Failing pipe line infrastructure from Belize Natural Energy is environmentally impacting several parts the Mennonite community of Spanish Lookout. Over the weekend, Plus News received images of what appeared to be a Crude oil leak in the Spanish Lookout community. After contacting several community leaders, we were able to confirm that an underground crude oil pipe broke over the weekend and leaked out over one thousand gallons of raw crude oil into a drainage system, which then flowed into a nearby Creek. We took our cameras to the scene of the spill in Spanish Lookout where heavy duty machines were on site working to get the area cleaned up. Plus News spoke to the Spanish Lookout Petroleum Board Chairman, Alan Reimer, who told us about the latest spill.
Alan Reimer, Spanish Lookout, Petroleum Board Chairman: On Sunday morning I got a text from a person at BNE that they had a spill, and then I sent personnel out there to scout the area and assess the damages. What we found was a ditch filled with crude oil, a layer of crude oil in there flowing down in to a creek. We followed the creek and it went on for about a quarter of a mile, and at the end of the creek we found puddles of crude oil varying from about 5 to 50 gallons per puddle so all in all I think we must have lost an excess of about 1000 gallons.
In 2006, BNE met with community members to discuss the laying down of underground Crude oil pipe lines. According to Reimer, BNE representatives ensured residents that spills would not affect the Spanish Lookout community. However, Reimer says, this has been the third oil spill in less than 16 months.
Alan Reimer, Spanish Lookout, Petroleum Board Chairman: I still remember our old friend Jim (…). Back in 2006 when we were negotiating, we were promised by the then oil company and the then personnel that we would put a pipeline underground, you would never see it; it’ll never leak. Then, an old man was sitting back and was saying, “Gentlemen, leaks will happen. It’s not a matter of if, it’s a matter of when.” He was so true. We have been going through 3 spills now over the last 16 months that have all been an excess of 500 gallons to about 1500 gallons.
Raw crude oil presents several environmental and health risks, including water contamination, crop contamination, leukemia and cancer. Remier says that these risks are of major concern to community members
Alan Reimer, Spanish Lookout, Petroleum Board Chairman: Well first of all it was the contamination and also never knowing what is all in the crude oil. When we have refined oil, we rely on most of the toxics having been removed, but when a raw crude oil comes to the service, nobody knows what’s in there. So health issue is first and foremost. We’ve had enough of that, we’ve had experience, and then after that we have the nausea, the smell, the obnoxious smell of it. It looks bad. Vegetation dies and then what worries us the most is when the clean up,,, it happens along creeks where there is dense vegetation, they have to go and remove about 50% of the vegetation. After that it’s erosion problems. That is what concerns us.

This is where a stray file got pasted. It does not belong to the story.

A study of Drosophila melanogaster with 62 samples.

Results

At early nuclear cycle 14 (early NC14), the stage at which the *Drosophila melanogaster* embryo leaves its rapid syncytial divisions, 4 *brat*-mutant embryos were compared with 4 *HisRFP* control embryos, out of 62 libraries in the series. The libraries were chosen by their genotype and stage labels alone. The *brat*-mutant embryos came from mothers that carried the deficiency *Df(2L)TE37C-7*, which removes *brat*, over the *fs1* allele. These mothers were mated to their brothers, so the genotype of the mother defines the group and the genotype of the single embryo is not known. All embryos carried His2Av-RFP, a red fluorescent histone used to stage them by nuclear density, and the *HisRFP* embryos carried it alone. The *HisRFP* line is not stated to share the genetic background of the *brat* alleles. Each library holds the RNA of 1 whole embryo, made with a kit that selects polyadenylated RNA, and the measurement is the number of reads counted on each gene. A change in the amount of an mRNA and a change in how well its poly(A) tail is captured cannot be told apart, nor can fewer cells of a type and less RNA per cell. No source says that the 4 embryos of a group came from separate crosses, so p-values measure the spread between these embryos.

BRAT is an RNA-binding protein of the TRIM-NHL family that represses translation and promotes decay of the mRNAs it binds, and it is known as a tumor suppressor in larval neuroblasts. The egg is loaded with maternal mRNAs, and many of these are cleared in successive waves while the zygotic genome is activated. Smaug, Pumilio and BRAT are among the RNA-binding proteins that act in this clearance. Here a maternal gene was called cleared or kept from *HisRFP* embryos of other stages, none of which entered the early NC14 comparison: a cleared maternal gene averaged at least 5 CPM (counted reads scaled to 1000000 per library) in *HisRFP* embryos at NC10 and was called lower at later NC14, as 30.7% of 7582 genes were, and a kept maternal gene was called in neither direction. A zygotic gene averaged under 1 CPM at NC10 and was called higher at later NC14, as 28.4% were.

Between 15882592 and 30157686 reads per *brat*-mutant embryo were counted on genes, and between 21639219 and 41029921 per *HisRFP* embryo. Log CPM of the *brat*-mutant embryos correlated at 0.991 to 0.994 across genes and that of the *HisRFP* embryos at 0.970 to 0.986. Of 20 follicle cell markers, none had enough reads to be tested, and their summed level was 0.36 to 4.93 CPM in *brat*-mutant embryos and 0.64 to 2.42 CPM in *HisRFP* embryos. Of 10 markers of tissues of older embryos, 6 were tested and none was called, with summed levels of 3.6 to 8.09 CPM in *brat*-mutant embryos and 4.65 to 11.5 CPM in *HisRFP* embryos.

So what has been causing crude oil to spill into the community so frequently? The Petroleum Board Chairman believes that it all boils down to faulty infrastructure and a lack of capital needed to address the issue.
Alan Reimer, Spanish Lookout, Petroleum Board Chairman: It bears down to the conclusion that the infrastructure is failing, it’s obviously failing. Is there money to fix it? I don’t know, we’re getting mixed messages. Do we have bills to pay as a country? Yes! Massive bills to pay. So, it sometimes feels like we’re between a rock and a hard place with the oil stuff. I don’t know how much further environmental degradation we will see in the future.
Reporter: What are some of those mixed messages you have been getting?
Alan Reimer, Spanish Lookout, Petroleum Board Chairman: We have bills to pay, therefore oil revenue is a major contributor to the government’s (…). Oil production has been on the decline now for many years, oil prices are low, the bills are getting higher. Where is the balance between protecting the environment and paying our bills?